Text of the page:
Lindenhurst Village now has a guide to use to address decades-old flooding problems on South Shore streets.

A comprehensive drainage infrastructure master plan has been completed and the village has used it to submit proposed projects to the Governor’s Office of Storm Recovery.

The study, which cost $168,500 and was done by Nelson & Pope Engineers of Melville, is the first-ever extensive analysis of the village’s entire drainage system.

The plan is one of many flood mitigation strategies that came out of months of community reconstruction meetings following superstorm Sandy. The village was awarded $6.1 million in federal funds, of which $2.85 million was set aside for the plan as well as all aspects of the projects.

The plan identified more than $60 million in fixes, so the village had to prioritize. “We said let’s try to target some of the immediate, well-known problem areas,” said Clerk-Treasurer Shawn Cullinane.

Check valves to control water flow were touted in the study due to their relatively low cost: $30,000 to $60,000 each versus $300 to $400 per square foot of new bulkheading or $3,000 to $4,000 per linear foot of road raising.


Of these, the village has offered specific locations only for the leaching structures, aimed for along Albany Avenue and Buffalo Avenue.

Lindenhurst: Flooded Shore Road on Tuesday, March 30, 2010 in Lindenhurst, New York. Photo Credit: Howard Schnapp

“We’re not going to put all of our resources into one particular street or area,” Cullinane said. “We’re looking to see where we can move the available funds around to have the biggest impact for the entire South Shore.”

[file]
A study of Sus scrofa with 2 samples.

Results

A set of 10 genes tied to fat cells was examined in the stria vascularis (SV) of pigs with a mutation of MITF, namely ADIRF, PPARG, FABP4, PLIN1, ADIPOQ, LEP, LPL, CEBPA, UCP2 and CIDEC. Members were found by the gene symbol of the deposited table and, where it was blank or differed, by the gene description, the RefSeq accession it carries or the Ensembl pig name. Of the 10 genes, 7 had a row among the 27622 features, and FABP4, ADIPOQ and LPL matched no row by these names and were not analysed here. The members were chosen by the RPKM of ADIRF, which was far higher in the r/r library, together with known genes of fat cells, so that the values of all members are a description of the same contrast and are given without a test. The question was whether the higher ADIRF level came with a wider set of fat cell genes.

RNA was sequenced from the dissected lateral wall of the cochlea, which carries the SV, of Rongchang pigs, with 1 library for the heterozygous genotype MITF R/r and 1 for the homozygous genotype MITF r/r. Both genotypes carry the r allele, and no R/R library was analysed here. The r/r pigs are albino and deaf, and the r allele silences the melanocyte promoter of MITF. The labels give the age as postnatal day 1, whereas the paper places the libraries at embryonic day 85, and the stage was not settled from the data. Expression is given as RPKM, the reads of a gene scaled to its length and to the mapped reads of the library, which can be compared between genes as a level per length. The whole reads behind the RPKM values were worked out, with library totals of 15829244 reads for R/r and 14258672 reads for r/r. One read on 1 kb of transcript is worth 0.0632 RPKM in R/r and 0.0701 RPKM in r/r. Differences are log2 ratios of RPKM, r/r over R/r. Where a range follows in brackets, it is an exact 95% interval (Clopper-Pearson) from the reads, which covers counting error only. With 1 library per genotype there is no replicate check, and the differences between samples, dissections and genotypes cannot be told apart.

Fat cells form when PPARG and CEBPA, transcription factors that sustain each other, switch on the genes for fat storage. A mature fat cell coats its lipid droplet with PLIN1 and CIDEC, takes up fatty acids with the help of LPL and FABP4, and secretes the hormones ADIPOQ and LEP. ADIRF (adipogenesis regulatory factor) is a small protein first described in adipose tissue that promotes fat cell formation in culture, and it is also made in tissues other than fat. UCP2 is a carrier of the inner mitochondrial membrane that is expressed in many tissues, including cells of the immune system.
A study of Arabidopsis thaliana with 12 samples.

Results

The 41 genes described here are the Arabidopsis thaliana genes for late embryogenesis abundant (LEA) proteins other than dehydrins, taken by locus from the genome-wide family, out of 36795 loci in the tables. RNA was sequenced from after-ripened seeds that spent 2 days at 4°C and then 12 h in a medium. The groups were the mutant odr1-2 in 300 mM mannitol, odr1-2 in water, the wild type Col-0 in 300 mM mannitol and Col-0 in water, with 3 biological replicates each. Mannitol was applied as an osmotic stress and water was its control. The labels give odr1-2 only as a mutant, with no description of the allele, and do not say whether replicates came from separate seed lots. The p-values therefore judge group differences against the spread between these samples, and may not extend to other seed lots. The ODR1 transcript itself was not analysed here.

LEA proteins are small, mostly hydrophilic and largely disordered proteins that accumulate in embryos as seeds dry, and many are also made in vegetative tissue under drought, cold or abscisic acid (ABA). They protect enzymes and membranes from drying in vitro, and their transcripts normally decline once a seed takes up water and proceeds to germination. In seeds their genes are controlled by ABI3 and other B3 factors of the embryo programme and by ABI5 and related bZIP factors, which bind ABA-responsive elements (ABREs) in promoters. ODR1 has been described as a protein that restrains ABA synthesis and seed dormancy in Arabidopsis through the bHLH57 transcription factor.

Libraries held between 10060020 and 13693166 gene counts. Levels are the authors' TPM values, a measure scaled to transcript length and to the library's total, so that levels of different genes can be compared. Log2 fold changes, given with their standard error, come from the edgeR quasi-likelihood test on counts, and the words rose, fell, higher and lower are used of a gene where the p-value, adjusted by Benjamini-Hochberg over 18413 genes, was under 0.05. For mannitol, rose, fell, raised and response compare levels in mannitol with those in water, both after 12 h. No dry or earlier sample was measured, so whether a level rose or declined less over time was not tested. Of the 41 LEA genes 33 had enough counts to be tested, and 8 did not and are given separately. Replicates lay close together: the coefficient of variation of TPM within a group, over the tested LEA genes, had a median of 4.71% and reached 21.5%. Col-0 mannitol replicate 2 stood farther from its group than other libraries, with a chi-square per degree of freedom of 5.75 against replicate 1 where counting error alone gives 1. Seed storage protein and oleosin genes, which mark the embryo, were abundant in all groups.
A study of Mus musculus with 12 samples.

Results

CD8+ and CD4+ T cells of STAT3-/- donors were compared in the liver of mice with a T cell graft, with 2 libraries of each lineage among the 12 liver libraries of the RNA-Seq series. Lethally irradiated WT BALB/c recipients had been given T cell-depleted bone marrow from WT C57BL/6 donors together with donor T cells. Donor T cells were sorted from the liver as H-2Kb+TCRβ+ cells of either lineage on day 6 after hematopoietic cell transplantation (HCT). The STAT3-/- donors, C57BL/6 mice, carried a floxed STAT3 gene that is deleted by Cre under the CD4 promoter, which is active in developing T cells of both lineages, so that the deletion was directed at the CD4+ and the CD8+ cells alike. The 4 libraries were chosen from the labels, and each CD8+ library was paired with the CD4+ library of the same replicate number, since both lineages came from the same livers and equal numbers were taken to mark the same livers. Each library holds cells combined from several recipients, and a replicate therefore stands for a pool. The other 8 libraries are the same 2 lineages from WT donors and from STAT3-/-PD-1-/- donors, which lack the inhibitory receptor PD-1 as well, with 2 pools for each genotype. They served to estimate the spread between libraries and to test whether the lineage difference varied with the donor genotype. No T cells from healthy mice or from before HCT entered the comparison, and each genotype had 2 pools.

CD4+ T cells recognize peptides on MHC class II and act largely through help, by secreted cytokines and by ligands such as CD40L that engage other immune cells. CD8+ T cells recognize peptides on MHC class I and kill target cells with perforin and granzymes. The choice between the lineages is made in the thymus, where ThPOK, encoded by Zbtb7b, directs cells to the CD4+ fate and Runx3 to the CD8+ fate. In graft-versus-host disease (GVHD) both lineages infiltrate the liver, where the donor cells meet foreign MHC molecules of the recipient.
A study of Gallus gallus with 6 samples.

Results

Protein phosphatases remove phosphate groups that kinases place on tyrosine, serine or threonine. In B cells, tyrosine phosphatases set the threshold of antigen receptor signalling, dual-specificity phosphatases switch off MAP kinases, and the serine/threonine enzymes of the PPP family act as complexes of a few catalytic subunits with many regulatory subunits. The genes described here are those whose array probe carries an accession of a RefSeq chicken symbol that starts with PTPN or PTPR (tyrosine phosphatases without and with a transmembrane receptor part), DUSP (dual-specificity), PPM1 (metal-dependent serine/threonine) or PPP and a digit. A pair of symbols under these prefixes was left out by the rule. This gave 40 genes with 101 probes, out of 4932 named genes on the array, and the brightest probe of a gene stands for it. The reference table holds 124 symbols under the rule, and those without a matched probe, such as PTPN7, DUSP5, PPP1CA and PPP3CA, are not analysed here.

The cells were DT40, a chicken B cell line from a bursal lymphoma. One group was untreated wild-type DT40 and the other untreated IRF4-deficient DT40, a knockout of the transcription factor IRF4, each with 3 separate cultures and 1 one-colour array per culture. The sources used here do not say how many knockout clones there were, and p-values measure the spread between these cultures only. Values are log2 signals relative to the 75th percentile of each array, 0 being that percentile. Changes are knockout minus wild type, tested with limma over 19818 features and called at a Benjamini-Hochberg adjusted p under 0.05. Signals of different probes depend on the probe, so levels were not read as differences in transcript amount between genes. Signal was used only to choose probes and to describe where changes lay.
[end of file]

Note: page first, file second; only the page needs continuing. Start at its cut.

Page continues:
The state will now work with the village to determine which streets will be addressed. The state will be in charge of hiring an engineer, designing the work and bidding it out for construction. The federal funding must be spent by 2019.

For some locations identified by the study — such as Muncy Avenue and East John Street — village officials decided they could not wait and are moving ahead with work using other sources of funding.

Many residents have said their street flooding has worsened since Sandy with water coming up more heavily during high tides and heavy rains, and the water staying for much longer.

The study confirmed this, noting that the storm drainage infrastructure was so damaged by Sandy that “numerous systems are no longer able to efficiently drain the roadways and adjacent properties during regular rainfall events” or prevent canal and bay backflow.

Residents remain unsure if the proposed projects will have any impact.


“I don’t mean to sound negative, but so many things have been said that haven’t been done,” she said.

Patricia Parez, who has lived on Pacific Street since 1966, said she hopes the work will mitigate decades of flooding.

“If they can do it, let them get at it, I’m ready for it,” she said. “I don’t think they’ll ever stop all the water, but they can control a lot of it.”